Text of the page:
Australia is a country of contradictions. The oldest land on Earth, it was one of the last to be found by European sailors during the era of exploration. Aboriginals, the oldest continuously surviving culture in the world, became citizens of the country only 42 years ago. The sixth-largest country in the world by landmass, it has just more than half the population of the state of California. Despite its very low population density, Australia is often considered overpopulated, compared to the amount of water and fertile soil that is available for human use.
Taking a largely chronological approach, A Brief History of Australia looks at social, cultural, economic, and political trends in the country's long history, shedding light on its unique and complex identity. Beginning with the peopling of the continent about 60,000 years ago, the volume examines the early history and culture of the Aboriginals. It continues with the first documented sighting of the landmass by a European in the 17th century, followed by a discussion of the colonial period in the 18th and 19th centuries. From the Federation of 1901 to the Liberal government of John Howard (1998–2007) and the Labor government of Kevin Rudd (2007–present), this new book explores Australia's relationship to the British Crown, national security and education policy, the role of sport and environmental issues, Aboriginal rights, women's history, and gay rights.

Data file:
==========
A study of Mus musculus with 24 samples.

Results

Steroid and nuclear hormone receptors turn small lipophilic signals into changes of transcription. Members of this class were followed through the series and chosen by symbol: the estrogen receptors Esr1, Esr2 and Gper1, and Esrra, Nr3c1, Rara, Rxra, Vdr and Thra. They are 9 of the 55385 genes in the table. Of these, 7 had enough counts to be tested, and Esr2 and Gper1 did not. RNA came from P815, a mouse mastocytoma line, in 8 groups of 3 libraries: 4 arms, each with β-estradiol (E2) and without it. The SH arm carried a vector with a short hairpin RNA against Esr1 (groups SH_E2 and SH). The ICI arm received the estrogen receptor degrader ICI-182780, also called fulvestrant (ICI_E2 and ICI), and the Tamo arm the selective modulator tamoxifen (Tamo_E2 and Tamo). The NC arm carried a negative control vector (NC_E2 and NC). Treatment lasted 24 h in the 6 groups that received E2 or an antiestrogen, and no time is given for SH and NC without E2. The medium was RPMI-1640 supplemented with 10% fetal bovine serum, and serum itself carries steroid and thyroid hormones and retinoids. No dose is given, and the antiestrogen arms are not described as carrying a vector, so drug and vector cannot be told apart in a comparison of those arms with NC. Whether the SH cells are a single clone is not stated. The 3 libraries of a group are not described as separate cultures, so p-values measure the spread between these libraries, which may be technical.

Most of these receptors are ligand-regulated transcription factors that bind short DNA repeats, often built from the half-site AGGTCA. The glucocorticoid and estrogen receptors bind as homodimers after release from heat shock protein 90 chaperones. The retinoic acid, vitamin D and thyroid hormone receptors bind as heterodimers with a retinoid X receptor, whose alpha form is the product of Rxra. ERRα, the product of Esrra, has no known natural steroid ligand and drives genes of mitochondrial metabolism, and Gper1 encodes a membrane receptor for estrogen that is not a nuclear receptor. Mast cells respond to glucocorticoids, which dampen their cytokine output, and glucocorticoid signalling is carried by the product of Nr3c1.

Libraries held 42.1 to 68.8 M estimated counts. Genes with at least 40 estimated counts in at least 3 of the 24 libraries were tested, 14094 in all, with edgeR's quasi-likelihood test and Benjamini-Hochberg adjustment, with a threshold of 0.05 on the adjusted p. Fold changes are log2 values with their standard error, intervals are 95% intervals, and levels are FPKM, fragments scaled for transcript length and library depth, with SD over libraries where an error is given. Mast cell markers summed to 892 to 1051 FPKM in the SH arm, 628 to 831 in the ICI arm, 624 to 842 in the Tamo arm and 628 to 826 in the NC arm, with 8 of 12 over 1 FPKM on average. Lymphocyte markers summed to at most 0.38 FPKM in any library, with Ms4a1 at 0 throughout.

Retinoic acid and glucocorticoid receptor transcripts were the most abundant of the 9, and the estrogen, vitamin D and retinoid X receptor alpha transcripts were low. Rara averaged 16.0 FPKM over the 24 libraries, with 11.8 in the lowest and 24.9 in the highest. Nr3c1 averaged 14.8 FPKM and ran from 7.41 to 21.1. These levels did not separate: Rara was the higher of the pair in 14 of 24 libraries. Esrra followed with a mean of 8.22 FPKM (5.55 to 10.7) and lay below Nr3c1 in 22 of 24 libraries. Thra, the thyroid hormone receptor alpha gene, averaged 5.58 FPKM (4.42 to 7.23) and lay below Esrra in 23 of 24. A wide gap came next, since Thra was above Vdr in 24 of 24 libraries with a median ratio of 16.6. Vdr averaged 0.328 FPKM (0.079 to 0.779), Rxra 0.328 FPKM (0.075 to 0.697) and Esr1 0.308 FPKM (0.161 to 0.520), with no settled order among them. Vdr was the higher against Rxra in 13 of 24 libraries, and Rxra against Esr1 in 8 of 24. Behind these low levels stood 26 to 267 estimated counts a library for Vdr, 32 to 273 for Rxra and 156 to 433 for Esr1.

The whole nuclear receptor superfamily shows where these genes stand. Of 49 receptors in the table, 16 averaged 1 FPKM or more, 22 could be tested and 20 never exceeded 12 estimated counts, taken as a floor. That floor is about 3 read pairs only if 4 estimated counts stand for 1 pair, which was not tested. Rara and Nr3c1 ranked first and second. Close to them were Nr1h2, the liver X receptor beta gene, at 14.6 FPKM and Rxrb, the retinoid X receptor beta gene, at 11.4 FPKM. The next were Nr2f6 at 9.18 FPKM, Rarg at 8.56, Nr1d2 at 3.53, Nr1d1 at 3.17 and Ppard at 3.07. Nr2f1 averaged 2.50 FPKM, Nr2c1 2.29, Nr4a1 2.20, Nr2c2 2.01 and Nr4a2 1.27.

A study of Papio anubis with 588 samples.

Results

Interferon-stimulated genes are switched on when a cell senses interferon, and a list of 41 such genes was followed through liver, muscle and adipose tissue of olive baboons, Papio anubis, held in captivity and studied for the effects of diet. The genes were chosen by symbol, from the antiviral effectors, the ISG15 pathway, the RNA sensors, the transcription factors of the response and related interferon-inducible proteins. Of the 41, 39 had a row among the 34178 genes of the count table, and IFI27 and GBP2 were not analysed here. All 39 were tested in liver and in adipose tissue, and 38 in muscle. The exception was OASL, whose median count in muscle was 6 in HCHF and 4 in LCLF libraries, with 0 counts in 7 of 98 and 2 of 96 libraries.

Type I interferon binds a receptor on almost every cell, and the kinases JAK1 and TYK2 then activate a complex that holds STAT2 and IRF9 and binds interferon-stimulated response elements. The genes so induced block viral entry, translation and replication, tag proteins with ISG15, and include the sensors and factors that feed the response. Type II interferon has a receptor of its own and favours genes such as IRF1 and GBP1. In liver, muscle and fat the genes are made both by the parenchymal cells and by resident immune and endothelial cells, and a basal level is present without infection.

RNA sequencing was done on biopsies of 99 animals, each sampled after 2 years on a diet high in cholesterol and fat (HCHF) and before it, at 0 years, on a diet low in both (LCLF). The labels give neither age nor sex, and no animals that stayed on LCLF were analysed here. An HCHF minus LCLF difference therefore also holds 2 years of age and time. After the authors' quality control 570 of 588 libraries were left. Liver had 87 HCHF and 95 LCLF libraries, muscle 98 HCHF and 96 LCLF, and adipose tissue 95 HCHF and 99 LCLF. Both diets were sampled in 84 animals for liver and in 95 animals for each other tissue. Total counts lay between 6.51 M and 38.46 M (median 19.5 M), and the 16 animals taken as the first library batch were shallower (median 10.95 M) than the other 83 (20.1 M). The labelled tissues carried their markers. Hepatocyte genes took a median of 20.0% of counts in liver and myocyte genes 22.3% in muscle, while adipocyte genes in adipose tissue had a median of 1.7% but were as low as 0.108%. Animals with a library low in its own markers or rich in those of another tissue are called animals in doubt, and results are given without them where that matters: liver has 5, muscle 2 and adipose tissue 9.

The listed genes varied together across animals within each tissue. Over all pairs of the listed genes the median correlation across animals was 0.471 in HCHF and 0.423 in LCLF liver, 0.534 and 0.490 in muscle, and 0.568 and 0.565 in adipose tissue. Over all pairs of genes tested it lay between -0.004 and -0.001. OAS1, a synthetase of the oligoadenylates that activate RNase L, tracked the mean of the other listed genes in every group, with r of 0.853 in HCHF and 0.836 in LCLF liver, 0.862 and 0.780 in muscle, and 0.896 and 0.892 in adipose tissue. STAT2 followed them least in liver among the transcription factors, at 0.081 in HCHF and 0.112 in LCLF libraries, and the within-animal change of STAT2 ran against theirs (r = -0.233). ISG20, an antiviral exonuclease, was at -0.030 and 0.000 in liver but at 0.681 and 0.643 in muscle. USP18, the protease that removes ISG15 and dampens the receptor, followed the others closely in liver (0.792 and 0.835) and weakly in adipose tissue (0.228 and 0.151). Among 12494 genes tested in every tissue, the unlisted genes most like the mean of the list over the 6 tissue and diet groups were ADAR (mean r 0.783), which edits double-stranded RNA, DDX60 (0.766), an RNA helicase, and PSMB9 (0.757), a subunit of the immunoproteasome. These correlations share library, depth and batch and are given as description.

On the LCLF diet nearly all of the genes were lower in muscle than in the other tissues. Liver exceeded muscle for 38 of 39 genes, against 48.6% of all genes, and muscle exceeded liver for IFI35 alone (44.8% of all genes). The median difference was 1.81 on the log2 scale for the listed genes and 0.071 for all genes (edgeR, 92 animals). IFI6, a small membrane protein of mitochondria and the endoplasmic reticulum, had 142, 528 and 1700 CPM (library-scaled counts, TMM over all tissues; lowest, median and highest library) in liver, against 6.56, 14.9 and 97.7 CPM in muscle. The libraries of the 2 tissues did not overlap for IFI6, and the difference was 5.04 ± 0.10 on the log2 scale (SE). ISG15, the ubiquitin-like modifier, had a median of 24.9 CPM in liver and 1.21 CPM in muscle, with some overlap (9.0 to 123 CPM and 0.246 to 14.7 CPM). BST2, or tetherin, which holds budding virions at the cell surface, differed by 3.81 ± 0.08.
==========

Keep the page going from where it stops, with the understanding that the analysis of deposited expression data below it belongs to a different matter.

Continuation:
- Aboriginal history
- European exploration and early settlement
- The gold rush and establishing self-rule
- Federation and identity formation
- Changes under the Labor Party
- The emigration of cultures from around the world
- Political tension from battling parties
- An uncharted future, including the possibility of severing political ties with Britain.